January is a normal time for our customers in the South to reach out, worried that their plants from November have not started to bulb yet. Our response, “They are on the right track. No need to be concerned.”

The picture shows new growth but this time of year they don’t grow as fast as they will once it warms up.

Here’s a bit of background on the onion growing cycle.

Once you plant your onion plants, there is a roughly 2-week period where they are transitioning into their new environment and establishing a new root system. Some may know this as starting their “second life cycle”.

New Leaf Generation

All plants require a certain number of heat units to grow. Onions grow new leaves based on accumulated heat units. After the new root system has been generated, the plant will begin to take up those heat units. It takes 160-200 heat units for an onion to shoot a new leaf; this number is dependent on variety with short day onions generally requiring 160 and long day varieties requiring 200. The basis for onions is 45 degrees so each day the average temperature is above 45 degrees, the onion acquires that many heat units for that day. For example, if your high was 70 and your low was 50, the onions would acquire 15 heat units that particular day. This is determined from (70+50)/2-45=15. The process then repeats itself until bulbing begins.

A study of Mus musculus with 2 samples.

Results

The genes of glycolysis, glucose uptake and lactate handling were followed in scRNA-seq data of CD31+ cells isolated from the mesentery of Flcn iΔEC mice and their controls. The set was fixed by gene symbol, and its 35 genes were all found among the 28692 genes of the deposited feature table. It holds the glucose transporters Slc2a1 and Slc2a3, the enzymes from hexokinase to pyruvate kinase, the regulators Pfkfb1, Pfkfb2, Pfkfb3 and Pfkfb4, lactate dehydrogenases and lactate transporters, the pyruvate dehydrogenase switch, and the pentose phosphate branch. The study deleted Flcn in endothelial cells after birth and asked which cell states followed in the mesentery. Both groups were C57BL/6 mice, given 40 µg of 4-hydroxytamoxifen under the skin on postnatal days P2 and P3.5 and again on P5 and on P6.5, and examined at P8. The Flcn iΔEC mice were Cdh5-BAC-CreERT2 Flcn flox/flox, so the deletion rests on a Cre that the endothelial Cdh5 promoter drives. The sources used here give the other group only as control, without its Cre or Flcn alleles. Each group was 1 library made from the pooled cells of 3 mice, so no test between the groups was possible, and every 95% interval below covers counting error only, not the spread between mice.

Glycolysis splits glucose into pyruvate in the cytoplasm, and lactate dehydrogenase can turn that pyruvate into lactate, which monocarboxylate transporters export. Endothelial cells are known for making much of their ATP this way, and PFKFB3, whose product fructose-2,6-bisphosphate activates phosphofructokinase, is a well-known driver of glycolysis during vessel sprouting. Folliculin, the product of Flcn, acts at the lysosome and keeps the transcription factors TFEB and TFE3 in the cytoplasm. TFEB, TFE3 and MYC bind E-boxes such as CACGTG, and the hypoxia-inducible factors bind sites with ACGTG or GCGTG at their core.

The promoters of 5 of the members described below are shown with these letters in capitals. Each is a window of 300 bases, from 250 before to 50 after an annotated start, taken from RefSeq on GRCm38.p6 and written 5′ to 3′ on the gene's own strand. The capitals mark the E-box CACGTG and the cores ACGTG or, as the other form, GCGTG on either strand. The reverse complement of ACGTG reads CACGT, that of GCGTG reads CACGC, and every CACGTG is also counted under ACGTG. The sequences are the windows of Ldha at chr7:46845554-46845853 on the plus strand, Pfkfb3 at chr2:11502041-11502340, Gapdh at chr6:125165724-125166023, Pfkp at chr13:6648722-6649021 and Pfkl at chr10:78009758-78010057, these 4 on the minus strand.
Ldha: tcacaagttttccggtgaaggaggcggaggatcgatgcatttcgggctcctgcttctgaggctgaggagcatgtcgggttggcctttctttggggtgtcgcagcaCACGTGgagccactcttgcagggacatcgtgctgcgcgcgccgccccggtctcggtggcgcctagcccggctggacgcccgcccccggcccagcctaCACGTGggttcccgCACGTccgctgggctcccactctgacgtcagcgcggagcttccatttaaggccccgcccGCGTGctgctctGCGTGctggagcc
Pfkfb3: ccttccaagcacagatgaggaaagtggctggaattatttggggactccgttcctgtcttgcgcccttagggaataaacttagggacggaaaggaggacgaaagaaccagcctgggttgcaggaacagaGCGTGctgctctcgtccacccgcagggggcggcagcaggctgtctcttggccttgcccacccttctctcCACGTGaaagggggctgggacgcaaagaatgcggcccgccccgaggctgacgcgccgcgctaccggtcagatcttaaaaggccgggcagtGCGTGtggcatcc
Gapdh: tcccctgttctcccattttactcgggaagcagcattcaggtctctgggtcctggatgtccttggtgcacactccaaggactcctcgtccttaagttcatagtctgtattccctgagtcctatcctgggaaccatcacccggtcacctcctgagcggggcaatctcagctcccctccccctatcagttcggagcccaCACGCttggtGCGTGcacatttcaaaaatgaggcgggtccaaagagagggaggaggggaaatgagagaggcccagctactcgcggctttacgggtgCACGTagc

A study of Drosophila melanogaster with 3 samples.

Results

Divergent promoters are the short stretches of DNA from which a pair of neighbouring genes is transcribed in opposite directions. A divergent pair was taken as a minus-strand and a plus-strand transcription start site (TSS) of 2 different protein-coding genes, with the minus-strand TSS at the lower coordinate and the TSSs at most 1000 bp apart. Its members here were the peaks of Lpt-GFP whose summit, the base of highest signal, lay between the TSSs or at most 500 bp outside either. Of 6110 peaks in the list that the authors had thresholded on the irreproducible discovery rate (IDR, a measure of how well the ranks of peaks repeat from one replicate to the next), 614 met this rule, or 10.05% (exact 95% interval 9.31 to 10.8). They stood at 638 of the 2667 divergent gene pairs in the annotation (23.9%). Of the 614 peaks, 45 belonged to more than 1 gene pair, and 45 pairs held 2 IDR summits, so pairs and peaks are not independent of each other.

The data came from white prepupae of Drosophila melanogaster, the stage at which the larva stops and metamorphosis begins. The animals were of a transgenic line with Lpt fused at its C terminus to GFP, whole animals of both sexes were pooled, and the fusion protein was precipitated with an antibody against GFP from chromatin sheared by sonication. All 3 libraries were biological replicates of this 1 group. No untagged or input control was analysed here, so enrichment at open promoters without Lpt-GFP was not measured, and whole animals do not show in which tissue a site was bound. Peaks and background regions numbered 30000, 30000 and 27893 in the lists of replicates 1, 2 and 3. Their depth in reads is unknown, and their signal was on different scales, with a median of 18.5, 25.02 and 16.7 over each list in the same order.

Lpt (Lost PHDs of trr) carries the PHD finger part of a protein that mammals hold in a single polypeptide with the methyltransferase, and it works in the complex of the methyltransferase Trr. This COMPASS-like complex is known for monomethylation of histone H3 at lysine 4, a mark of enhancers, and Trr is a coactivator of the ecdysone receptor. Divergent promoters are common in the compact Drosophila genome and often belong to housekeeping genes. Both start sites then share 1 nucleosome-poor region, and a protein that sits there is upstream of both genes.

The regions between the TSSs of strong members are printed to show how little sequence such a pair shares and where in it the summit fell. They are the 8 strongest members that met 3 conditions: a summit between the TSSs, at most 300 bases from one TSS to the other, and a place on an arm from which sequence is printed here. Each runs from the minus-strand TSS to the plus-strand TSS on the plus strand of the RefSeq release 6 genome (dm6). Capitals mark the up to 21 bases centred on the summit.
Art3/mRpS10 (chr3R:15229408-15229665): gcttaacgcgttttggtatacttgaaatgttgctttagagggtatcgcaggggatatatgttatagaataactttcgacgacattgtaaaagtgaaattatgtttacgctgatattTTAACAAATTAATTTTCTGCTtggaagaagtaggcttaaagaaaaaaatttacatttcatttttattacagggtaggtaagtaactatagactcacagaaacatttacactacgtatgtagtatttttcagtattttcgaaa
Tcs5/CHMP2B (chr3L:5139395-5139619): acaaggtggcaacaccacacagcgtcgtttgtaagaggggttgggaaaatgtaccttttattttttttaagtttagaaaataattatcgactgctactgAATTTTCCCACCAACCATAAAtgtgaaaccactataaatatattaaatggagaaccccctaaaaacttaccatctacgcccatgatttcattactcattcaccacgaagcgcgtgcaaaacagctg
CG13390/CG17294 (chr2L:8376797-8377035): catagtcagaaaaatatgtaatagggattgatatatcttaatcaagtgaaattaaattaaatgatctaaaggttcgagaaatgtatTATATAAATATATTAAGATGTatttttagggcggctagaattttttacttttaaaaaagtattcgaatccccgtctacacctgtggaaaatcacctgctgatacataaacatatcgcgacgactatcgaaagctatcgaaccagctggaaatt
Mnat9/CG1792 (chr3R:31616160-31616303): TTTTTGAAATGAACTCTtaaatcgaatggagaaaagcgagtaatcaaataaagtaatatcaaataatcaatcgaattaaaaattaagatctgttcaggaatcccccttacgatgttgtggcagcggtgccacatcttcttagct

The Carbohydrate Transfer

Bulbing shown by the ground cracking around the onion.

The bulb of the onion is formed from the transfer of carbohydrates from the leaves to the bulb of the plant. For the bulbing process to begin, the plant must accumulate a total of approximately 2200 heat units. When the right combination of daylength and total heat units are acquired, the onion begins the transfer of carbohydrates from the leaves to the rings of the bulb. Ideally, the heat units and daylength are met at the same time to help ensure maximum size potential for that onion.

Daylength in Onions

Short day varieties require 10-12 hours of daylength while long day varieties require 14-16 hours of daylength. This is why we stress planting your onion plants at the proper time; it is crucial for these two events to happen as close together as possible. Planting too early could result in frozen plants and planting too late will result in bulbs not reaching their full-size potential.

Once all those carbohydrates are transferred, the top can no longer support the weight of the leaves. This causes the top to fall over. Think of a drip hose that shrinks after you turn the water off. It finally crimps and no more water comes out.

Onions ready for harvest with the tops fallen over.

As always, if you have any questions regarding your onion plants, please don’t hesitate to contact Customer Service customerservice@dixondalefarms.com!